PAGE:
Last Tuesday at SXSW, Music legend and one of my personal hero’s, Neil Young took the stage of a crowded Austin Convention Center auditorium to unveil Pono––a high-quality digital music service and portable audio player that aims to rescue an art-form. Pono, which is an Hawaiian word for “righteous,” offers a pure, uncompressed, unfiltered listening experience, delivering music exactly as the artist intended in all of it’s shimmery, hi-res glory (192kHz/24 bit).
Young pointed out that most Mp3’s contain only 5% of the information from the original master sources, which he likens to listening ‘underwater.‘ Not only is this aesthetically displeasing, it can have adverse physical effects––resulting in headaches, ear fatigue and muscle tension.
Even CD’s have limited compression standards (44kHz/16bit), which can tend to sound harsh and shrill. To make matters worse, record companies have been cashing in on the ‘nostaligia’ of vinyl records by releasing new LP’s, pressed from compressed CD copies, as opposed to the original masters. The result is a vastly inferior product that tricks the consumer. In short, we’re getting a fraction of what the artist put in. As Young says, it’s like we’re “making xerox copies of The Mona Lisa.”
Pono wants to fix all of this by bringing the heart and soul back to your music. It’s designed to make you feel good. Young claims that, “Hearing Pono for the first time is like that first blast of daylight when you leave a movie theatre on a sun-filled day.”
So how does it work? Pono music will be sold via the Pono Music store in the form of FLAC files. FLAC files, or Full Lossless Audio Codec, plays on both Mac and PC and is capable of supporting high-res files up to 192kHz/24-bit depth. These files contain up to 30 times more information than typical mp3 and AAC files sold on iTunes and Amazon.
The super-high-sampling rate provides a complete, dynamic and accurate representation of the original recording.
Another secret ingredient in the sauce lies in the hardware of The PonoPlayer, which has been engineered for optimum sound quality.
They’ve utilized the odd-triangular shape to install premium circuitry–including top-notch DAC chips and headphone drivers. These internal components produce much better sound than iPods and other portable players.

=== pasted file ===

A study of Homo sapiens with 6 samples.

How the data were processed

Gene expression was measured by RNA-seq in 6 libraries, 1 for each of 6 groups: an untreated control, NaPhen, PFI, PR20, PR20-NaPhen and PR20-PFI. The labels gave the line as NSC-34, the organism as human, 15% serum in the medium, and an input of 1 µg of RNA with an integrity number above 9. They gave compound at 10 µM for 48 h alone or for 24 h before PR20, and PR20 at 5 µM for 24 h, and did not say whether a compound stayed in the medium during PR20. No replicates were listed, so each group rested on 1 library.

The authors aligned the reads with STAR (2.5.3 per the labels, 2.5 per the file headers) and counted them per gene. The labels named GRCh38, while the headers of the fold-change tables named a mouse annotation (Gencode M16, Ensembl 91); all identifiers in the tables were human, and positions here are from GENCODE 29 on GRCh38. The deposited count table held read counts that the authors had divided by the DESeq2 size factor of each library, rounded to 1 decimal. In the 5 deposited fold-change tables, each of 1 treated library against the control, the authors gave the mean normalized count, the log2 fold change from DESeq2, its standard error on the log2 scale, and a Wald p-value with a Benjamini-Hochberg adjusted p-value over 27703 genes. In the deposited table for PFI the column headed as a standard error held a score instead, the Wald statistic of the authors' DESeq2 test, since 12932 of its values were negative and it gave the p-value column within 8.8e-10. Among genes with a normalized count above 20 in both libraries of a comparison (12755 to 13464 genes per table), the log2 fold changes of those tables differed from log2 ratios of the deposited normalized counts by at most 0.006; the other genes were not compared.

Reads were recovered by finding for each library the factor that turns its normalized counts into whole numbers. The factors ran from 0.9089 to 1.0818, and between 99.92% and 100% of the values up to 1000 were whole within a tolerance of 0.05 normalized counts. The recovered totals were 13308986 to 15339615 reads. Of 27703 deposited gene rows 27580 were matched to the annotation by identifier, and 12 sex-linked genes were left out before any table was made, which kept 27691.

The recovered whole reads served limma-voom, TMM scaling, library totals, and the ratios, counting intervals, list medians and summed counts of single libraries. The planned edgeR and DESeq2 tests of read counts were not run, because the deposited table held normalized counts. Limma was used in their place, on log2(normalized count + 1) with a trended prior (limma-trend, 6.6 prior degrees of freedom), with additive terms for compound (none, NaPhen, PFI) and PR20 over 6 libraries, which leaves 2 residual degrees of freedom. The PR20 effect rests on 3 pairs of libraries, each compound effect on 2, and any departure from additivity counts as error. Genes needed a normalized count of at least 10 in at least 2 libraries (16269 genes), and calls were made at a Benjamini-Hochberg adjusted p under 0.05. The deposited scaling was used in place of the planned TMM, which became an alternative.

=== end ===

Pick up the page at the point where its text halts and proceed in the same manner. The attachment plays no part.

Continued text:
The design itself, seems pretty simple. The triangular shape sits nicely on any shelf or flat surface. All of the features and functions are accessible via 3 simple buttons and a touch-screen interface. You drag files on your computer via the USB cable. it’s non-proprietary and therefore capable of playing any files, should you want to drag music over from your existing library. Since it’s intended to play large FLAC files, the internal storage is limited to 64gb but has an expansion slot for micro SD cards.
So Pono hopes to revolutionize the way we listen to music. They’ve attempted to make an audiophile-grade product accessible, simple and more affordable for the average consumer. Neil Young and the folks at Pono are convinced that once you hear PONO, you won’t want to go back.
It’s strange to think that we’ve adopted HD video in our homes and even our smartphones. As gamers, we embrace next-gen features and technological advancements. We’ve set a certain standard for high-res, digital photography. So why have we been so content to sacrifice quality for quantity when it comes to enjoying the music we love?
Not only have we been slow to adapt, we’re moving backwards.
As an avid record collector, I can tell you that listening to a good vinyl record can elicit a transportive and euphoric experience. I’m such a nerd about this stuff, that I even keep an iPod classic loaded with lossless audio files. So as far as I’m concerned, Neil Young is preaching to the converted.
In spite of all of this, I’m skeptical that PONO will catch on with the masses. For better or worse, we live in an age of immediacy. There is something to be said for accessibility and control. Streaming services like Spotify and Beats boast huge libraries of albums and singles, which stream at 320kbps (near CD quality). They even integrate with social media platforms, all at a low monthly fee.
Unfortunately, Ponos claims that bandwidth limitations prohibit them from providing a high-quality streaming service. So will people be willing to re-tether themselves to their computers, not to mention shell out cash for a new format and music player? I’m not so sure.
Instead Ponos, wants to meet us half way, but are they too late to the game?
Nevertheless, Neil Young makes a convincing argument. He’s also banded together a long list of industry reps, respected artists and musicians, including Beck, Jack White, Arcade Fire, Dave Grohl and many more. All of whom are singing Pono’s praises.
So far, the artist-driven movement has caught on like wildfire. After just one week, ponos has raised a staggering $4 million and it still has 28 days left to go.
In the Keynote, Young said that even if Ponos fails, it will hopefully make enough noise to get the attention of the record industry…if a bigger corporation offers a better product that meets the demands of higher audio quality, then he’s succeeded.
Maybe one-day, we’ll live in a world where accessibility and pure audio quality live in harmony––so we can all bask in warm, radiant glow of high fidelity. Hopefully sooner, than later.
The PonoPlayer is set to debut in October, but you can pre-order yours for $399 via Kickstarter. For more information, check out ponomusic.com.
Thoughts? Comments? Questions? Hit me up @cthomasaurus.